With only 54 days left until the New Jersey state budget is passed, Gov. Chris Christie suggested education reform as a way to decrease taxes, in a town hall meeting in Freehold.
Hundreds of New Jersey residents gathered at the National Guard Armory for a town hall meeting where Christie discussed his plan to decrease the state’s budget. According to Christie, New Jersey spent $25 billion supporting public schools during the 2009-2010 school year, an average of $17,836 per student.
“That is the most of any state in America, per pupil,” Christie said. “I am a product of public education, but I support good public education. I support public education that makes our children's futures bigger and brighter and stronger, and I will no longer protect a public education system that wastes your money and wastes your children’s future.”
Christie criticized what he characterized as excessive spending for priority school districts.
“Fifteen percent of the total state budget goes to 31 school districts," he said. "I am tired and I think you are tired of paying a king’s ransom for failure, and so we need to reform the tenure system."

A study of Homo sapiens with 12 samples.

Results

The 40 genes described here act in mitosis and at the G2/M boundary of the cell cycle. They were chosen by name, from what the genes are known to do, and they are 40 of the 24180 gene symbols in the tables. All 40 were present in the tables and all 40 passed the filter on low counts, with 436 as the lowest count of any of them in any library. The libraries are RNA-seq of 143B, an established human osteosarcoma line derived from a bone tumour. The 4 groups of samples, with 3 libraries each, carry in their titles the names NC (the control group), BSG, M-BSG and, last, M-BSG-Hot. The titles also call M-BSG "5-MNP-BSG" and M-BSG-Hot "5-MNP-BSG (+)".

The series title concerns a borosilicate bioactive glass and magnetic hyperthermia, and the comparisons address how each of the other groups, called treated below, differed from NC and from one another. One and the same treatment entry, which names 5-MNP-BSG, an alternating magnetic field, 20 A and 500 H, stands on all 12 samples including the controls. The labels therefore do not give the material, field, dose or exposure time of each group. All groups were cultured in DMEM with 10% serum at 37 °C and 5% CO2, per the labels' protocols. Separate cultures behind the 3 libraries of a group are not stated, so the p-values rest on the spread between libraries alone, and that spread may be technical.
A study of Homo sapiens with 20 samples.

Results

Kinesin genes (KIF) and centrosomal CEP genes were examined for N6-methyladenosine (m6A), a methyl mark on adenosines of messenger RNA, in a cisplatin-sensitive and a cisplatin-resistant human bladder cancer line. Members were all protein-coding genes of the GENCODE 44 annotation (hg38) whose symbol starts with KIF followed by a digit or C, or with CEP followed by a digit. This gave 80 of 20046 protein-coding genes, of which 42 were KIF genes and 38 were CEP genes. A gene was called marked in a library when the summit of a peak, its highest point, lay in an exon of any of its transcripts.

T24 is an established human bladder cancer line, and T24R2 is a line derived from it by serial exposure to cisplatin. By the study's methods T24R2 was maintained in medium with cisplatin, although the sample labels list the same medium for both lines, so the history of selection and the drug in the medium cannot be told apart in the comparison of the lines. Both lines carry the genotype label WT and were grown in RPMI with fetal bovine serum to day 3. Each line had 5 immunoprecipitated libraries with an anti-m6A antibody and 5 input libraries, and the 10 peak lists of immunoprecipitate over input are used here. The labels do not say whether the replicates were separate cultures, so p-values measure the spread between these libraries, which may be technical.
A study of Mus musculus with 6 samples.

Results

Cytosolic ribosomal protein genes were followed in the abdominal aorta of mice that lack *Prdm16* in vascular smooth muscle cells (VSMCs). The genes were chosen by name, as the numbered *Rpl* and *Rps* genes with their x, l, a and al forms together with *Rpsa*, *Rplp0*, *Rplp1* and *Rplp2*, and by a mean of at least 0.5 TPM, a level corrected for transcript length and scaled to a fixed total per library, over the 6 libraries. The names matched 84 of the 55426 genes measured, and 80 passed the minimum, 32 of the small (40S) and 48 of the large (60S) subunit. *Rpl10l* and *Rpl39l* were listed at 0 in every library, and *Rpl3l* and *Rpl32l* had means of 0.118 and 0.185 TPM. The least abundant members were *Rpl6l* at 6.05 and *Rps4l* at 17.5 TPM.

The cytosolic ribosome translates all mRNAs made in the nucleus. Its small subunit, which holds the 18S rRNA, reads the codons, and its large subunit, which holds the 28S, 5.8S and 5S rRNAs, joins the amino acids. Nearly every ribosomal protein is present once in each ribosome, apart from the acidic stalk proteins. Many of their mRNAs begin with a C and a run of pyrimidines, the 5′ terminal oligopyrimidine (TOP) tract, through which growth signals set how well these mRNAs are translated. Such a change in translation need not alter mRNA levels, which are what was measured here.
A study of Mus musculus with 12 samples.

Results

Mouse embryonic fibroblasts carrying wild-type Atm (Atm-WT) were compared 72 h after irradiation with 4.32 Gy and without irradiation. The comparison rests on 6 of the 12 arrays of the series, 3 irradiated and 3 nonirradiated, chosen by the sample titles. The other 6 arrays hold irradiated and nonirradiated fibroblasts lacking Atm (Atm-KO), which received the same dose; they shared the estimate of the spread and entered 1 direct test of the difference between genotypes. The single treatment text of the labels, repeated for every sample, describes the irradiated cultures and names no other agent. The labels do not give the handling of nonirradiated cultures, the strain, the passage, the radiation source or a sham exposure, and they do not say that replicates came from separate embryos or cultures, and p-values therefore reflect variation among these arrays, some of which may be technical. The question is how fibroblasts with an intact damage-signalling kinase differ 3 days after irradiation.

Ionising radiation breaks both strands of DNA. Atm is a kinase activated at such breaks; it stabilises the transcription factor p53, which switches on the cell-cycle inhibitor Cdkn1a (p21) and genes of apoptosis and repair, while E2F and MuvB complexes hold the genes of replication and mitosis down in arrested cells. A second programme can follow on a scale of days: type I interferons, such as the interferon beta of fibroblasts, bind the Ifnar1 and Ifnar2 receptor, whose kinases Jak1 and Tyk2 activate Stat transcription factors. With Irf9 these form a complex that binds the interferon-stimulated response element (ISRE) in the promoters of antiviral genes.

Continuing on the topic of tenure reform, Christie emphasized the need to assess job performance throughout a teacher's career.
“We need to reform the tenure system because nobody in this state should be guaranteed a job after three years and one day on the job with no regard to how well they do the job," said Christie. "If you do a great job, we want you to stay in teaching as long as you want. But if you are ineffective, we need to get you away from the front of that classroom and on to something else.”
Christie suggested implementing merit-based salary increases for teachers who are achieving in the classroom. “Like everyone else in America that does well, you should be paid better for achieving,” he said.
Christie also recomended a voucher system so that parents can remove their children from a district that is not working for them.
The New Jersey governor then focused his attention on the teachers' union.
"You need a union as good as you are, and you don't have one," he said in a conversation with a teacher in the audience.
Christie said he is fed up with what he characterized as the union's desire to keep the status quo. "I am no longer going to put up with them telling us what is best for our students," he said.
"The teachers' union would have you believe that somehow, if teachers compete with teachers for merit-pay, that somehow this would ruin comaraderie. I find that hard to believe," said Christie. "Teachers don't become teachers to become rich."